Friday, January 18, 2008

Do not go for the most prestigious job

Now that soon to be PhDs are flying across the continents to impress audiences and will in a few weeks ponder which offers to accept, let me give some little pieces of advice:

  • Do not go for the most prestigious job. Your advisor may really want you to take this top school job to have one more medal on his chest, but think about yourself. What quality of life do you really want? The higher ranked the department, the more stressed you will be, and the least likely you are to get tenured.

  • Think not just where you want to work, but also where you want to live.

  • Listen to your spouse. The divorce rate is too high among assistant professors, or many end up moving anyway as they finally listen to their spouse.

  • Industry jobs are more lucrative, but they are also more stressful, and much more constraining in terms of topics and hours.
  • Consider it: you may like teaching.

In summary, think more about the life you want to live, and less about the work you want to work.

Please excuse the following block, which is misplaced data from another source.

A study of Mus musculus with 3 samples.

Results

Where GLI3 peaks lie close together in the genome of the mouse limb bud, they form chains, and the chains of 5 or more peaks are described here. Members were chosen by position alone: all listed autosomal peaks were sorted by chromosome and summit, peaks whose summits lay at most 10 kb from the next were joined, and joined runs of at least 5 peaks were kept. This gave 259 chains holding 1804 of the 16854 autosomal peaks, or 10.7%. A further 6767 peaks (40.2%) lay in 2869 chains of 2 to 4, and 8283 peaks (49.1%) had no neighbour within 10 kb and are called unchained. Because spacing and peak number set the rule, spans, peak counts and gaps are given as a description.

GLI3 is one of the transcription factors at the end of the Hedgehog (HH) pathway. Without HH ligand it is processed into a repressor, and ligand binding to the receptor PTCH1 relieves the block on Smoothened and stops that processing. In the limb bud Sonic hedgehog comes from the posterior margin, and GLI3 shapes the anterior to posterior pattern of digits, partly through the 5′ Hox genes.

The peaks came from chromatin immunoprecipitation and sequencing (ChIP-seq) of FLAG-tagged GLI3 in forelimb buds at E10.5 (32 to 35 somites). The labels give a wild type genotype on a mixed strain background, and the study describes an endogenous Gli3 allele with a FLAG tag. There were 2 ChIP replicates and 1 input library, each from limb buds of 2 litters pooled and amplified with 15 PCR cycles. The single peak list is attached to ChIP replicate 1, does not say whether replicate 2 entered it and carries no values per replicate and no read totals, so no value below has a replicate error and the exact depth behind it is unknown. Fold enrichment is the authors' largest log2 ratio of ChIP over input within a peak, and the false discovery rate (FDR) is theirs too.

Vilfredo said...

There is truth, shocking as it may be, to your advice. In retrospect, life s hell in the top departments (and those that believe they are top departments) but it is rewarding to be around great, although very egocentric people. If I had to redo it, I would rather have taken a visiting position in a top department during a leave of absence, rather than endure the pressure of a "real" appointment.

Paimor said...

This overlooks the time dimension of the decision. Even if you go through a painful process during the tenure track, you always have the option of resettling later in a less prestigious Department and remaining there until you die.
This path has several advantadges over going directly to the less prestigious department, as you learn a lot, gain reputation, go on the inside track of the publishing process, etc.
So it's like 7 years of intensity, and then 30+ of the more relaxed life that you propose.;

Anonymous said...

@Paimor: You miss the path dependancy. Suppose your spouse gets fed up with not seeing you because you are always working at your prestigious appointment. Sure, you can then go to a lower-ranked department if you miss tenure. However, you will then be without your spouse and also probably bitter from a nasty divorce.

The probability of a divorce is not independent of where you go. So 7 years of intensity followed by years of unhappiness outside of work?